Digital Evidence and Records of Investigation Prior to Court

   Critically Endangered small

Digital materials assessed by police and other authorities in the course of investigation and retained as evidence of due process such as case files and correspondence, including materials not submitted to court.

Digital Species: Legal Data

Trend in 2022:

No change No Change

Consensus Decision

Added to List: 2019

Trend in 2023:

No change No Change

Previously: Critically Endangered

Imminence of Action

Action is recommended within twelve months, detailed assessment is a priority.

Significance of Loss

The loss of tools, data or services within this group would impact on people and sectors around the world.

Effort to Preserve | Inevitability

It would require a major effort to prevent losses in this group, such as the development of new preservation tools or techniques.


CCTV; Email; 3d scanning; social media interactions; police records; court records; text messages.

‘Practically Extinct’ in the Presence of Aggravating Conditions

Poor chain of custody; fragile or obsolete media; dependence on proprietary formats or products; lack or loss of documentation; inaccessible to web harvesting technologies; lack of version control; lack of integrity checks or integrity records; poor chain of custody.

‘Endangered’ in the Presence of Good Practice

Meticulous transfer and disclosure processes.

2023 Review

This entry was added in 2019 as an entry made in 2017 for ‘Digital Legal Records and Evidence,’ which the Jury split into four more discrete entries. This category includes evidence prior to court that may form part of an investigation or gathering of evidence but which are not formally submitted as evidence. It recognizes that police and other investigating authorities are not limited in the types of evidence that they need to administer, but that this creates an almost unbounded limit of preservation requirements to ensure authenticity and admissibility. A 2021 risk was identified based on examples bringing to question whether legal bodies have the skills and capabilities to preserve these materials should they need them if a case is reopened etc. The 2022 Taskforce found no significant trend towards greater or reduced risk.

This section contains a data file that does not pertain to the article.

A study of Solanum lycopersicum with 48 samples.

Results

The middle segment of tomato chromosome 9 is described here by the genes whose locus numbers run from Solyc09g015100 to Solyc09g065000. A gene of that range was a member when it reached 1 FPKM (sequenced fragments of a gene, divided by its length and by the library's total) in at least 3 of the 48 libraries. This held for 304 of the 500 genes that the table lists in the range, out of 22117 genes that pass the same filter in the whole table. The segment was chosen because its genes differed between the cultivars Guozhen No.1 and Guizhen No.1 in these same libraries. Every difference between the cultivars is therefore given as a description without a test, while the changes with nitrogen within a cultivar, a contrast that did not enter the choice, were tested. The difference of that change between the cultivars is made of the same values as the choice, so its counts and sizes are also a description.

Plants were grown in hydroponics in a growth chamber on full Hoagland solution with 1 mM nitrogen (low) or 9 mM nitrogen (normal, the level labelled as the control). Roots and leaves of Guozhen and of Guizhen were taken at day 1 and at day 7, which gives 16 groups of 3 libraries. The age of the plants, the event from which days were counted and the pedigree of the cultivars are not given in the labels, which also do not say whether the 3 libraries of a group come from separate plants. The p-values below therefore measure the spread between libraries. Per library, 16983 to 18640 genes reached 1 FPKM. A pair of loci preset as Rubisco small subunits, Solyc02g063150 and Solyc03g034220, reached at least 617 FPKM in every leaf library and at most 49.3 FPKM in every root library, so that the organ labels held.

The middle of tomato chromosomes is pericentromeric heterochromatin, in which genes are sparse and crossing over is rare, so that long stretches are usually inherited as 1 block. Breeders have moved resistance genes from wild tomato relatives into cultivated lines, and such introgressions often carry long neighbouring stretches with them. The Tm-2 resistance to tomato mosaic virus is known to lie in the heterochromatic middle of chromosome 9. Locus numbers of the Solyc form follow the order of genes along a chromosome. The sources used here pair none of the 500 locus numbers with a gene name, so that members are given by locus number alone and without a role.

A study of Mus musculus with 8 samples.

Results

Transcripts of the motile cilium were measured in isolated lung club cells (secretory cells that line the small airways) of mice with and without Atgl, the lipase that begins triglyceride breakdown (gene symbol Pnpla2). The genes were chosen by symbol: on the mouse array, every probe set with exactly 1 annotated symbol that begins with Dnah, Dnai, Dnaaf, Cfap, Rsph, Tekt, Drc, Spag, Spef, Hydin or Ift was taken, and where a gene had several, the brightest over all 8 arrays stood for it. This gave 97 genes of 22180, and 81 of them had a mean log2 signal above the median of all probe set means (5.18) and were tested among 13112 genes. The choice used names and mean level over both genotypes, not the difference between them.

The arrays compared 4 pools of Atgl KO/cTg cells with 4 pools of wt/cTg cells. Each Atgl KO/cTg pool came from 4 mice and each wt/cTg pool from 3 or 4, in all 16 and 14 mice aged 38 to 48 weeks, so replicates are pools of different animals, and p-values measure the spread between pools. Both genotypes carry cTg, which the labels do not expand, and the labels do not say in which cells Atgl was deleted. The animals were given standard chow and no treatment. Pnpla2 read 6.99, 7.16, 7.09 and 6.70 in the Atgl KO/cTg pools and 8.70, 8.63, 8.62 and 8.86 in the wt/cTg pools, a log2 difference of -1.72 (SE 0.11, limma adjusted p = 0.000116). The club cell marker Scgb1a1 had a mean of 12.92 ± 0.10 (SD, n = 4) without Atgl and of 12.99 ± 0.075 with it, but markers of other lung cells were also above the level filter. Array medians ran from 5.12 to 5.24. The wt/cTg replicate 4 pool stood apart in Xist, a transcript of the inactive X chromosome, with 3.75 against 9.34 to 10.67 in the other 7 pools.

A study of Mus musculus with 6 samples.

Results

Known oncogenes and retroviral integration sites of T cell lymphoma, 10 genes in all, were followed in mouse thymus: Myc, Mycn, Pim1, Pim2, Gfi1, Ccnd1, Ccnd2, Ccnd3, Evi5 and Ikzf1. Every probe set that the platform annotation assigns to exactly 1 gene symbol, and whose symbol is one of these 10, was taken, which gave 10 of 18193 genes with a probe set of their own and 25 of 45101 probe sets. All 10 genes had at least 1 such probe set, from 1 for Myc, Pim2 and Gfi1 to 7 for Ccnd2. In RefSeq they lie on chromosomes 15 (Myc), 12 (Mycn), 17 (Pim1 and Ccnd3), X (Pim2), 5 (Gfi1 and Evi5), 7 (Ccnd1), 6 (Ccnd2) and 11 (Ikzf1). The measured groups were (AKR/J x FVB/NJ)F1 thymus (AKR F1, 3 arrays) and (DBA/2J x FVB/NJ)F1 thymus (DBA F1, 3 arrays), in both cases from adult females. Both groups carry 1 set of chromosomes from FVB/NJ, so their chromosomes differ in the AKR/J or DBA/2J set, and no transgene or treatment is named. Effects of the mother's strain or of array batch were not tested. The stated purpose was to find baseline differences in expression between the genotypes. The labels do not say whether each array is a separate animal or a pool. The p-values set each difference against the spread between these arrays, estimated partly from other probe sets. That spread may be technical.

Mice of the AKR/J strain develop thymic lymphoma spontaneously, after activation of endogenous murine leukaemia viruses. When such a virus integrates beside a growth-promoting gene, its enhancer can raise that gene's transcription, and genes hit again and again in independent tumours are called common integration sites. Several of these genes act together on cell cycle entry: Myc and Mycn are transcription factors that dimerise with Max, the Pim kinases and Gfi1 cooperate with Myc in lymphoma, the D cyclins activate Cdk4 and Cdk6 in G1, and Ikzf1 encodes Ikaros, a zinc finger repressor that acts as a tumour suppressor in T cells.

The 2023 Council agreed with the Critically Endangered classification with the overall risks remaining on the same basis as before (no change to the trend).

Additional Comments

In the International organizations realm, more and more of these investigative missions are being set up. They are collecting huge volumes of data and the same issues around chain of custody, integrity records/checks continue to be aggravating especially with respect to authenticity and admissibility. Given the potentially huge volumes of data, and the drive to keep costs low, it is debatable whether there will be sustained funding for preservation.

Case files and correspondence are one thing: retention of these should be clear but may differ widely between jurisdictions and levels of government. If retention is not long-term or permanent, the risk of loss may not be so critical. Retention of 'unused' or 'potential' evidence is likely a different matter altogether. Is it even a record? Certainly, it is not a record of the court. Should it be returned to the suspect or accused? Are their rights being considered here - not just in terms of preservation, but also simply disposition? There may be legal and ethical issues around this that need to be fleshed out in conjunction with assessing its preservation risk.

I was talking about forensic techniques with some law enforcement types a while back. Police forces tend only to have the resources to maintain forensic capability with relatively recent technology - for older technology, institutions and specialist companies are the only sources of expertise. This has an impact on cold cases.

There have been many examples of convictions being overturned when previously unused evidence was brought to light. Therefore, the retention and preservation of unused evidence can have immense value.